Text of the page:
A Simple Wooden Advent Calendar, Redux

Last year's advent calendar was lovely, but it had a fatal flaw.  On Christmas Eve, with all the candles burning, it caught on fire!  Just a little singe, not enough to hurt anyone; but certainly enough char that it ended up in the wood pile.  For this year, a new design--one that Sweet Husband and I worked on together, even.  (We also tested it throughly for fire safety, never fear!)

Whatever holiday you may be counting down to, I hope this brings a bit of bright joy to your home this season.

Cooper parts

Supplies and Tools

  • One large stick or log
  • 3/4” x 1/2” copper reducing couplings
  • 3/4” copper caps  (The copper reducing couplings and caps are available in the plumbing section of most hardware stores. You'll need one of each for every candle you want to have on your calendar.)
  • Pocket knife
  • Drill with 11/16” drill bit
  • Rough sandpaper
  • Wood polish (optional)
  • Candles


1. First, find your stick. For our family, this was a bit of a quest, involving several early autumn walks in the woods. I'm glad we waited for the perfect one to come along though, and the search was half the fun!

The stick needs to be at least 1 inch wide and fairly freshly cut or fallen, so that it's not too dry to drill into. The length is up to you. Our stick is about 4 feet long, but we left about a foot at each end with no candles in it. Work with what you can find and what you have space to display.

2. Next, carefully using a pocket knife, remove the bark from your stick. The bark will eventually fall off anyway, so this step makes the calendar less messy. Also, at this stage we discovered that our stick had been nibbled on by bugs, which made beautiful patterns on the wood.

We were lucky to find a stick with “outrigger” branches to stabilize it, so we didn't need to make a flat bottom. If you have a stick that's more round, use your pocket knife to whittle a flat, stable bottom.

Once you've got your stick all neatened up, give it a quick rub with some rough sandpaper to make it nice and smooth.

3. Now it's time to decide how many days you want to count down. Our first calendar had 25 days, but that was a bit too much for our family. For this year's calendar we reduced the number to 12, so we measured and marked 12 holes, two inches apart from each other. Again, because no two sticks are alike, you may have to creatively improvise here.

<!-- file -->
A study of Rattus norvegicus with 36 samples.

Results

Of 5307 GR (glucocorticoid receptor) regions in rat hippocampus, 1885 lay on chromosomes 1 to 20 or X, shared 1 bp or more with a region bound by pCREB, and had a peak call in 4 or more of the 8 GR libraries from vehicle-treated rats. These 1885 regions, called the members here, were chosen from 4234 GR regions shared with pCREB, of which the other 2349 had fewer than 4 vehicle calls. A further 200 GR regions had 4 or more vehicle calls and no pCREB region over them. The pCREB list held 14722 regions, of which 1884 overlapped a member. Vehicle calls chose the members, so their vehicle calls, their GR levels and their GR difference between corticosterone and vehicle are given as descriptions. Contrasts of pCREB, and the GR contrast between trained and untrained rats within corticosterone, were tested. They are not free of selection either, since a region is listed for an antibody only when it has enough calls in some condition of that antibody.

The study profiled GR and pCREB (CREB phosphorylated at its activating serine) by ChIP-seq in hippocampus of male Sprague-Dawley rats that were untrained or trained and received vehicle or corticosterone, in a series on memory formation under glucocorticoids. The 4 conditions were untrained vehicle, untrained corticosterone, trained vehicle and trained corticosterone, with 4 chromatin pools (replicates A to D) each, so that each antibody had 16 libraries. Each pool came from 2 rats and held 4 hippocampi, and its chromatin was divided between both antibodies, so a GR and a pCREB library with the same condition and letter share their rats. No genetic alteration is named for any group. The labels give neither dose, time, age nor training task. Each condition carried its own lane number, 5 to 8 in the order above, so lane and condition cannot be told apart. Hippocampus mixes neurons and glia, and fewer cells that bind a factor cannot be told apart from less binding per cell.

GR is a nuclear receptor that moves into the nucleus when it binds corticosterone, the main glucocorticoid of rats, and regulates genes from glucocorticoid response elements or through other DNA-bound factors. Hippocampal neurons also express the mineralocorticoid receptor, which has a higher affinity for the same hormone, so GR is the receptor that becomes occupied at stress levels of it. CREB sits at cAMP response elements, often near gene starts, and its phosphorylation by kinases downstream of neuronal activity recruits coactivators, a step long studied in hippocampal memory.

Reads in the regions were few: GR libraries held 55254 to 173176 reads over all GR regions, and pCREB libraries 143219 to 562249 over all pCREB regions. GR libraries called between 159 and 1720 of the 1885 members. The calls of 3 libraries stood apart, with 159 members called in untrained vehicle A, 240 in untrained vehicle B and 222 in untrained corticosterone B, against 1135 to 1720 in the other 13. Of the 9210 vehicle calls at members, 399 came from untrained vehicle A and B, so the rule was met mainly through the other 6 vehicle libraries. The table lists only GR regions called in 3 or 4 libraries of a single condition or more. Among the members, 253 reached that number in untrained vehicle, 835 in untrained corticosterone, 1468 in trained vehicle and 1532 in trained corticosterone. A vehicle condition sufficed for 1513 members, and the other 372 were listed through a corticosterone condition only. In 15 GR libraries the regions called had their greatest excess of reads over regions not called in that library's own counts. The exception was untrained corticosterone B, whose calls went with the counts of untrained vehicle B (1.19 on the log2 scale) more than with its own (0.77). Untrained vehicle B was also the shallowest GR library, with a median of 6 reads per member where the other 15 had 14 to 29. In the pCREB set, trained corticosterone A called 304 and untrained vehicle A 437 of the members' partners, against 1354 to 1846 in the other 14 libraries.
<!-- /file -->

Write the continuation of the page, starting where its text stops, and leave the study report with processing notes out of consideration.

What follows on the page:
Once your holes are marked—using one of the copper caps as a depth guide—drill down into the wood to almost the entire depth of the cap. Repeat this for each candle hole you want to eventually have.

4. At this point it will be very tempting to push those copper caps into the holes, but wait! While you could skip this step, those pretty insect patterns in our calendar really stood out beautifully with a coating of wood polish. (I use a mixture that is ¼ cup beeswax to one cup olive oil, with a few drops of lavender oil sprinkled in for scent.) Rub the polish into the stick, paying careful attention to the ends to get them nice and sealed.

Copper cap
5. Now you can push the copper caps into the holes. While they're not hard to push in, they should fit snuggly. Then put a copper reducer coupling in each cap, with the small end down. Although it may seem easier just to stick the candles directly into the wood, trust me, that's not a good idea.  (This is our new, super-improved, fire-safety step.  Without something to keep the candles from touching the wood, your calendar will catch on fire.)

6. When you're ready to begin your advent countdown, insert candles into the copper reducer couplings. We like to light one candle each night, and then light them all for Christmas Eve. As with any open flame, don't let it burn unattended or where small ones could harm themselves. Otherwise, enjoy the beautiful lights!